If you’re thinking of earning your Master of Social Work (MSW) degree – one of the highest paying master’s degrees – then you could have the chance to pursue an uncommon career path. By starting your own clinical social work private practice, you have the opportunity to be your own boss and gain more control over your professional life. If you want to set up a private practice, your MSW is just your first of several critical steps you need to take to make this goal a reality. You also need to think about the pros and cons of working in private practice to help you decide whether this career move is right for you.
What You Need to Start a Private Practice as a Social Worker
Generally, only licensed social workers who have a master’s-level education are permitted to start their own private practice in social work. Most states use the Licensed Clinical Social Worker (LCSW) credential, but others use the Licensed Independent Clinical Social Worker (LICSW) or Licensed Certified Social Worker–Clinical (LCSW-C) credentials, according to the National Association of Social Workers (NASW).
The reason licensing is so important for social workers interested in starting a private practice is because the duties a social worker may perform in private practice are typically clinical in nature. Social workers in a private practice setting may offer crisis intervention services, bereavement counseling and a variety of types of therapy, including play therapy for children and therapy for individuals, couples, families and groups, the NASW reported. You might also devote some of your practice to consulting duties.
Getting your license starts with earning your MSW. After you graduate, you need to meet the minimum requirements for post-graduate clinical experience. Most states require at least two years or 3,000 hours of experience, although other states require even more supervised experience, according to the NASW. You also need to submit a license application and pass a licensing exam, like the Association of Social Work Boards (ASWB) Clinical Social Work Licensing Examination.
Besides operating a solo private practice, social workers can also join group practices, which allow for some of the flexibility and autonomy of an independent private practice but some of the structure of a traditional employment arrangement.
The Benefits of Working in Private Practice
Among the most frequently cited reasons social workers pursue private practice is the advantage of having flexibility. When you start your own private practice in clinical social work, you get to choose where and how you do business, when you work and, to some degree, what your rates are.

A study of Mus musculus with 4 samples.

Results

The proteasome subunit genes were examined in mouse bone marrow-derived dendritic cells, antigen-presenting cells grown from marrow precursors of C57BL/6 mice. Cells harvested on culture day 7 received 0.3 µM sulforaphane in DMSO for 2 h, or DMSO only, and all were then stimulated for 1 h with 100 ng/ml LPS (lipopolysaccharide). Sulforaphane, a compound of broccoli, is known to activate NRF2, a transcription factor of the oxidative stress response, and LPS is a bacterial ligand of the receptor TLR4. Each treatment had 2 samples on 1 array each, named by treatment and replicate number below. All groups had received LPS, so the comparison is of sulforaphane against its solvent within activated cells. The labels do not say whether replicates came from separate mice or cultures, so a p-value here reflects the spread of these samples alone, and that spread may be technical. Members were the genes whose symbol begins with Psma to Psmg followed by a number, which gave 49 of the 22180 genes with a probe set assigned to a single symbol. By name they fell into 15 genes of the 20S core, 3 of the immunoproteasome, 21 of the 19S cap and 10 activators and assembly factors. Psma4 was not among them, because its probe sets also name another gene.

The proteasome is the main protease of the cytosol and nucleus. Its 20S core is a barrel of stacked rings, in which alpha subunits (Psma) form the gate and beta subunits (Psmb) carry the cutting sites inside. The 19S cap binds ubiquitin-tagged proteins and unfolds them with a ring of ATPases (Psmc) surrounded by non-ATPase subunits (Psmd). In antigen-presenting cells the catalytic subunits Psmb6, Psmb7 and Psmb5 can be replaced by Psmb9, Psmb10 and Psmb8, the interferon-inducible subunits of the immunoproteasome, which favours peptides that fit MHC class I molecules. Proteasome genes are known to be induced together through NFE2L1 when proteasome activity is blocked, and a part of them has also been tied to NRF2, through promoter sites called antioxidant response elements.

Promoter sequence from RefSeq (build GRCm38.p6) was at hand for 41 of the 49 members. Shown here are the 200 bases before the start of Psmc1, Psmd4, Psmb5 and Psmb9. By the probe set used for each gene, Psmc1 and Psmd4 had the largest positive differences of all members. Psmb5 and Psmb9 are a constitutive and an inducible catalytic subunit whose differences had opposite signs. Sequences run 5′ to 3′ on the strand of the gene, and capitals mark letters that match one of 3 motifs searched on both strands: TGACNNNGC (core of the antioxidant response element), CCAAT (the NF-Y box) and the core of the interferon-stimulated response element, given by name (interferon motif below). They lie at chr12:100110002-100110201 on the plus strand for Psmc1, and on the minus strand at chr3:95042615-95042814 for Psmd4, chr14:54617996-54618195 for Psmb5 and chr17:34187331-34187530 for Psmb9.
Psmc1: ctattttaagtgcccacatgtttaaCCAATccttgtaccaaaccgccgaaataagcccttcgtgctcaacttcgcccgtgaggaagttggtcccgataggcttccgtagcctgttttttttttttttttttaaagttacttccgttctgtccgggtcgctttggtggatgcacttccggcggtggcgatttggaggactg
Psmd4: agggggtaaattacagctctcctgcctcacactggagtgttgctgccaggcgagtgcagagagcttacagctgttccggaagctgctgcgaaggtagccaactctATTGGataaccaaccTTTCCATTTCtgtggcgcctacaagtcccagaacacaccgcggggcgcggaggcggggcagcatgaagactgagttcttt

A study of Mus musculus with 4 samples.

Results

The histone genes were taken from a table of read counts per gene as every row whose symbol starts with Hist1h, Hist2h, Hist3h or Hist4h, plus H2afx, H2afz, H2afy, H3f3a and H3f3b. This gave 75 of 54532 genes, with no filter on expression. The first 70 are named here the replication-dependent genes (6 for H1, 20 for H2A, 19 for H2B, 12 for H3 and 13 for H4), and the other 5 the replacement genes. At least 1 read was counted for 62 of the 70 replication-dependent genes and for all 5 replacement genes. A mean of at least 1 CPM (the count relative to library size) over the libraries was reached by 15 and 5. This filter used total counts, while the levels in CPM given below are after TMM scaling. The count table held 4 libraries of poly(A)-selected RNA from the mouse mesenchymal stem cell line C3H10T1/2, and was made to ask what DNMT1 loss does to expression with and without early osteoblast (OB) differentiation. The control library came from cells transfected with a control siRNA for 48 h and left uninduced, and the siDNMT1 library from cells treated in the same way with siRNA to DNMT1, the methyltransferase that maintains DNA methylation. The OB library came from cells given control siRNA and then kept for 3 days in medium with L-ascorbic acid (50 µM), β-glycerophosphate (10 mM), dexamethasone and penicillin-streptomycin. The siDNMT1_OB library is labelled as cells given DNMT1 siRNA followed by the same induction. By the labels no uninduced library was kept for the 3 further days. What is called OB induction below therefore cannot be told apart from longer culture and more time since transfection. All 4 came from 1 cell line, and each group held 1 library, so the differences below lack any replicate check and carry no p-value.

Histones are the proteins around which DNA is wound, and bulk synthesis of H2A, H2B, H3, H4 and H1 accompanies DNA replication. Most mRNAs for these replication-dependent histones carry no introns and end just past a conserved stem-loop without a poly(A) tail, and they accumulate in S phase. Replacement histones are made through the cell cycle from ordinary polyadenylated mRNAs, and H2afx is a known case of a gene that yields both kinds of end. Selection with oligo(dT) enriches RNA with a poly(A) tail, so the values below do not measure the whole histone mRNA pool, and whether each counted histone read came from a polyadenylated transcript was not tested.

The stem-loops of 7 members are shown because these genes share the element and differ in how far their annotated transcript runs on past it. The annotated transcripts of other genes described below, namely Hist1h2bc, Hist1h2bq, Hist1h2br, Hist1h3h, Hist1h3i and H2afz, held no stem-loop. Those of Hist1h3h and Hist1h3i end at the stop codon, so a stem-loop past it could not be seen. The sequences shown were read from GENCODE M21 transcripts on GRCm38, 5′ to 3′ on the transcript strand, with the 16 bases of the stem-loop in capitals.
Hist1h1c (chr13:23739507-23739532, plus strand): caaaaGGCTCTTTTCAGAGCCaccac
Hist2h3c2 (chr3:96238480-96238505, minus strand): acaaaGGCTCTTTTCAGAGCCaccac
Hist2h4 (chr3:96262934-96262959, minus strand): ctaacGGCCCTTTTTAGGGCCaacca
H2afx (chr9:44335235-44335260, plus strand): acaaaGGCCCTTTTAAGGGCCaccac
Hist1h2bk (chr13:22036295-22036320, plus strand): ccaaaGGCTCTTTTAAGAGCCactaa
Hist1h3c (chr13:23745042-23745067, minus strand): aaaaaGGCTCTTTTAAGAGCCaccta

In private practice, you can choose whether to work part-time or full-time, during normal business hours or in the evenings. You can schedule as much time off for vacations, personal appointments and family obligations as you wish, without needing to get approval from a supervisor or limit yourself to a set number of days. If you move to a new home, you can choose to relocate your business to minimize your commute, and you can decorate your office as you like. You determine the company culture and avoid the drama of workplace politics. Although you can’t completely escape the paperwork that’s required by health insurance companies or legal agencies, you can avoid having to spend any extra time on redundant documentation, since you’re the one making the policies.
Of course, there are positives and negatives to every career move, including starting a private practice. When you run a solo clinical social work practice, you’re responsible for everything, including marketing the practice and company compliance with business regulations. It’s your responsibility to establish contacts with health insurance companies to be part of their provider networks. Unless you hire employees – in which case, you have to manage them as well as their compensation and benefits – you also have to do the work of scheduling appointments and handling billing. If this all sounds like an overwhelming hassle, a traditional employment relationship working for someone else may be a better fit for your personality.
Social workers in private practice also have the chance to earn more money, although their income isn’t guaranteed. Historically, solo practice social workers have reported one of the highest salaries in the field among earners in the 75th percentile, the NASW reported.